WASHINGTON — A penny-pinching member of Congress is taking aim at the cost of producing 1-cent coins.
Rep. Steve Stivers, R-Ohio, has introduced the Cents and Sensibility Act to require pennies to be made primarily from American steel.
No worries, however, about the nation losing one “red cent.” Steel pennies would be dipped in copper and look the same.
Stivers has also introduced similar legislation to change the composition of the nickel, the STEEL Act (for Saving Taxpayer Expenditures by Employing Less Imported Nickel Act).
The legislation is needed, Stivers said, because the cost to produce pennies and nickels now exceeds their face value.
“In these times of fiscal strain, Americans could save millions by simply changing the composition of our coins,” Stivers said in a fact sheet distributed to House colleagues in support of the legislation.
A penny, which consists of 97.5 percent zinc and 2.5 percent copper, cost 2.41 cents to produce last year, up from 1.79 cents the previous year, according to the U.S. Mint. A nickel, which is 75 percent copper and 25 percent nickel, cost 11.18 cents to make, up from 9.22 cents.
The measures are similar to legislation that passed the House in 2008 but languished in the Senate, even though proponents said it could save taxpayers $100 million a year.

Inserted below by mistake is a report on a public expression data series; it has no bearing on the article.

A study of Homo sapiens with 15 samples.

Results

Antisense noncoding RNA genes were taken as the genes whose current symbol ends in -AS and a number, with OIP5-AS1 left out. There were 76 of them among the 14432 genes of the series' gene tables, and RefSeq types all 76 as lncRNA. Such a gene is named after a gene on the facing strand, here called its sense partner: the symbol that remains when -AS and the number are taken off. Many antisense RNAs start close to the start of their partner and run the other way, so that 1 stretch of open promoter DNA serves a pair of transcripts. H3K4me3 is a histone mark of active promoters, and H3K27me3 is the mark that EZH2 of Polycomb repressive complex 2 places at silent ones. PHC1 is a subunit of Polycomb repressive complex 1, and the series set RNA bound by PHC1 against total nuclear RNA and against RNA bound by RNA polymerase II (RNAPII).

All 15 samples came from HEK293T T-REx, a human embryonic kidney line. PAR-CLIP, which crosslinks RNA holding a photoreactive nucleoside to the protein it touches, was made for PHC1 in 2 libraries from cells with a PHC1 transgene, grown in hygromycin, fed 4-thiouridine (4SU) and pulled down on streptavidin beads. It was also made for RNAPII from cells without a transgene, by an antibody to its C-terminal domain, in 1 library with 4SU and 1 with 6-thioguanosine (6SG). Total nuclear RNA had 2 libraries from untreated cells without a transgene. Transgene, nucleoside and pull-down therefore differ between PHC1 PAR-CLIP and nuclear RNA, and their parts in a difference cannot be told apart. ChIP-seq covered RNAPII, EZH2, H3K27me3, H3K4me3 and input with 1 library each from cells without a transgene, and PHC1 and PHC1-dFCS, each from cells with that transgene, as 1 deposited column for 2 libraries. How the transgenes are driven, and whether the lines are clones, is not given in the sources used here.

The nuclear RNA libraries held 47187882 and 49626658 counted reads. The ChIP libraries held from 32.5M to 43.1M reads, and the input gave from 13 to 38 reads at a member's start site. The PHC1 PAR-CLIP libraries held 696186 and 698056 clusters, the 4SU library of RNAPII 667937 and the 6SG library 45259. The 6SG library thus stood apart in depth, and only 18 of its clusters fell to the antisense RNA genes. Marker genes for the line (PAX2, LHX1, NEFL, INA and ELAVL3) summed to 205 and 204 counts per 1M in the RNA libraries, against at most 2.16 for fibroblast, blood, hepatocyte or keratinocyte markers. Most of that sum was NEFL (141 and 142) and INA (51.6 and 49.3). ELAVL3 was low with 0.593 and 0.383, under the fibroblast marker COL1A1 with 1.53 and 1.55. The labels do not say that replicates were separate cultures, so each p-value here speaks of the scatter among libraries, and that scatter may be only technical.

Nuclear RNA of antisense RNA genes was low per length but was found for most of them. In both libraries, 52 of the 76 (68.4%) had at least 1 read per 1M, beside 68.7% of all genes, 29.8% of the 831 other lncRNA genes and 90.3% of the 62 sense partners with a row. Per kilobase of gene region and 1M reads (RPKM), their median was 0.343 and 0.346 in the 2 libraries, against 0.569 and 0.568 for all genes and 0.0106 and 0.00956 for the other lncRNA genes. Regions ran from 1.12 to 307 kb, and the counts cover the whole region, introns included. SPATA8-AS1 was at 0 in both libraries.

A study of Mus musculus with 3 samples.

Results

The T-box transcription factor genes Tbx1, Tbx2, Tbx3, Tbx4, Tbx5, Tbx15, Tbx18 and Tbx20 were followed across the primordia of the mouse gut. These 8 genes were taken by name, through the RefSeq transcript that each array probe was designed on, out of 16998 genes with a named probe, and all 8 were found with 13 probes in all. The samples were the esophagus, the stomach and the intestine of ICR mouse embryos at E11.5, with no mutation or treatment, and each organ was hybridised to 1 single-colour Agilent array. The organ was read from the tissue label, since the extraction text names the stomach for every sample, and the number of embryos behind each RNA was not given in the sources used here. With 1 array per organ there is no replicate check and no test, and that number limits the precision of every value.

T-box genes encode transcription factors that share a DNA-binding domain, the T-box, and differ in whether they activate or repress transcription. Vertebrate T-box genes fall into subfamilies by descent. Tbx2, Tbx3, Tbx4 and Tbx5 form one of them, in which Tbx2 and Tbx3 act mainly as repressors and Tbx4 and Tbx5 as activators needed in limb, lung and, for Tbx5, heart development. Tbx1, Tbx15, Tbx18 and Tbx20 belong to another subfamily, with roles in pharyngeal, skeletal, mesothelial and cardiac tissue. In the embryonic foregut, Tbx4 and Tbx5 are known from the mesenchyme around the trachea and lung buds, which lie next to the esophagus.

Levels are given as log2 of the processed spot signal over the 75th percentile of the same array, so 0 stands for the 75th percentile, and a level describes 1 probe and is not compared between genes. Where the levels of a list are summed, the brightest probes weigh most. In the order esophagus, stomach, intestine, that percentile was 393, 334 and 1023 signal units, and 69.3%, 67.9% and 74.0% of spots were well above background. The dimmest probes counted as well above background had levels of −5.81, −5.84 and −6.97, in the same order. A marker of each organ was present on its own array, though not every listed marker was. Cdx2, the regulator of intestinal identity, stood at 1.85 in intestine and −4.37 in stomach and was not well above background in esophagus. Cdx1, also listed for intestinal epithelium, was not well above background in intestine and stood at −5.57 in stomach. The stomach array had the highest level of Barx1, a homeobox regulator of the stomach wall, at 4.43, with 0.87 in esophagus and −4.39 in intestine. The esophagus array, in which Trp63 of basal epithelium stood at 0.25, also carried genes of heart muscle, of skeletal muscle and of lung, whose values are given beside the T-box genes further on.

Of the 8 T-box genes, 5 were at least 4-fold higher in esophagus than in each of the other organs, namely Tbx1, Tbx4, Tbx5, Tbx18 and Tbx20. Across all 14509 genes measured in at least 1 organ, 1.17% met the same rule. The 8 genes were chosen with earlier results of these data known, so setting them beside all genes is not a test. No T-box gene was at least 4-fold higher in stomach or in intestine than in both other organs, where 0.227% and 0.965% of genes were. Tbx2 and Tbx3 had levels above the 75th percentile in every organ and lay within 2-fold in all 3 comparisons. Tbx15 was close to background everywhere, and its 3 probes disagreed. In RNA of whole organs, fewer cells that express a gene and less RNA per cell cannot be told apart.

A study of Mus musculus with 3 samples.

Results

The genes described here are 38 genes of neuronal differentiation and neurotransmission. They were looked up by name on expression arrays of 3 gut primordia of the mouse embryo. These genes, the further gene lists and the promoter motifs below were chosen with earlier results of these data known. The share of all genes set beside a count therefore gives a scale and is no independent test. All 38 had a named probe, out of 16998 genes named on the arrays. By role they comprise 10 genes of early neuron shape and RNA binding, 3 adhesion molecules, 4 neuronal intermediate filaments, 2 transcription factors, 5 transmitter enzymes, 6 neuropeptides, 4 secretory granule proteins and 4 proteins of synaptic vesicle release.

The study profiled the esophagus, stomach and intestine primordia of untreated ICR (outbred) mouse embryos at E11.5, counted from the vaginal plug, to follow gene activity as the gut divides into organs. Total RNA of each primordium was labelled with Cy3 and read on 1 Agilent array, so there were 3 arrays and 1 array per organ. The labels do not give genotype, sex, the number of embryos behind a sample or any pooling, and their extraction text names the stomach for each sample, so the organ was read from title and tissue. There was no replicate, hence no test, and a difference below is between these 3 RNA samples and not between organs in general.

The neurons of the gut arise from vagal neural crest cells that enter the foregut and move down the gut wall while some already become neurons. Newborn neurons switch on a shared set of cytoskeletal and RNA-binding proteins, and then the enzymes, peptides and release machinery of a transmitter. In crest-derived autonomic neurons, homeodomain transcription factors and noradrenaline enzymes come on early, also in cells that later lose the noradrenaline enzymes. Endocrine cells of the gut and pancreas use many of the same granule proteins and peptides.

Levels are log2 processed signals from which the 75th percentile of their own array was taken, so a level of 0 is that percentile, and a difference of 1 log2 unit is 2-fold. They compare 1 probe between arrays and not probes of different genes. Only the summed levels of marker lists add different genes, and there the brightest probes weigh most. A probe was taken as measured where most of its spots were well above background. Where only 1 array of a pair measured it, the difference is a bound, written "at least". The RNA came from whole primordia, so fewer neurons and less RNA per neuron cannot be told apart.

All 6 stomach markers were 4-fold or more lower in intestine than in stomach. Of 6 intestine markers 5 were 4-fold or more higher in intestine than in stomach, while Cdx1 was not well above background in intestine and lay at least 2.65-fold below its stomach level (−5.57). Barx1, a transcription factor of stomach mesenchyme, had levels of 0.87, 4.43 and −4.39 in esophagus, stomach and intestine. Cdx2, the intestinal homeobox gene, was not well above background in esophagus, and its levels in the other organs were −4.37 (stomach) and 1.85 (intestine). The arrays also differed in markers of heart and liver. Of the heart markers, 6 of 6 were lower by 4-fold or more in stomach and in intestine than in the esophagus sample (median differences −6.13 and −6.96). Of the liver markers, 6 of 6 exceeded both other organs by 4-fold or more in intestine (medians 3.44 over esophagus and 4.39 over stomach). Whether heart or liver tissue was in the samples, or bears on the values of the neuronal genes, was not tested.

Then-U.S. Mint Director Edmund C. Moy expressed concern to lawmakers at the time that requiring steel pennies “eliminates any consideration of other alternatives that may prove more cost effective.”
He said that legislation mandating the use of certain materials could make the Mint vulnerable to volatile metal prices and suggested that Congress leave it to determine the composition of coins.
Under 2010 legislation, the Mint is studying changes to the metallic content of coins in an effort to save money, with a report due to Congress by the end of the year.
Stivers and co-sponsors of the bill hail from a steel-producing state.
“At a time when too many of our products are being manufactured in other countries, we should at least be able to buy those products with money produced using materials made in America,” Rep. Tim Ryan, D-Ohio, a co-sponsor, said in a statement. Stivers said that much of the copper, zinc and nickel used in coins comes from Canada.
George Vary, executive director of the International Zinc Association of America, said, “This is the dead horse that keeps getting beaten,” adding that similar legislation has been introduced before when the price of zinc went up but lost steam after it went down.
In 1943, pennies were made out of zinc-coated steel because of World War II demand for copper.
The Mint produced 4.9 billion pennies last year.
The legislation comes as a separate effort has been launched in Congress to phase out the paper dollar in favor of a more durable dollar coin.
Stivers’ bill has been assigned to the House financial services subcommittee on domestic monetary policy and technology.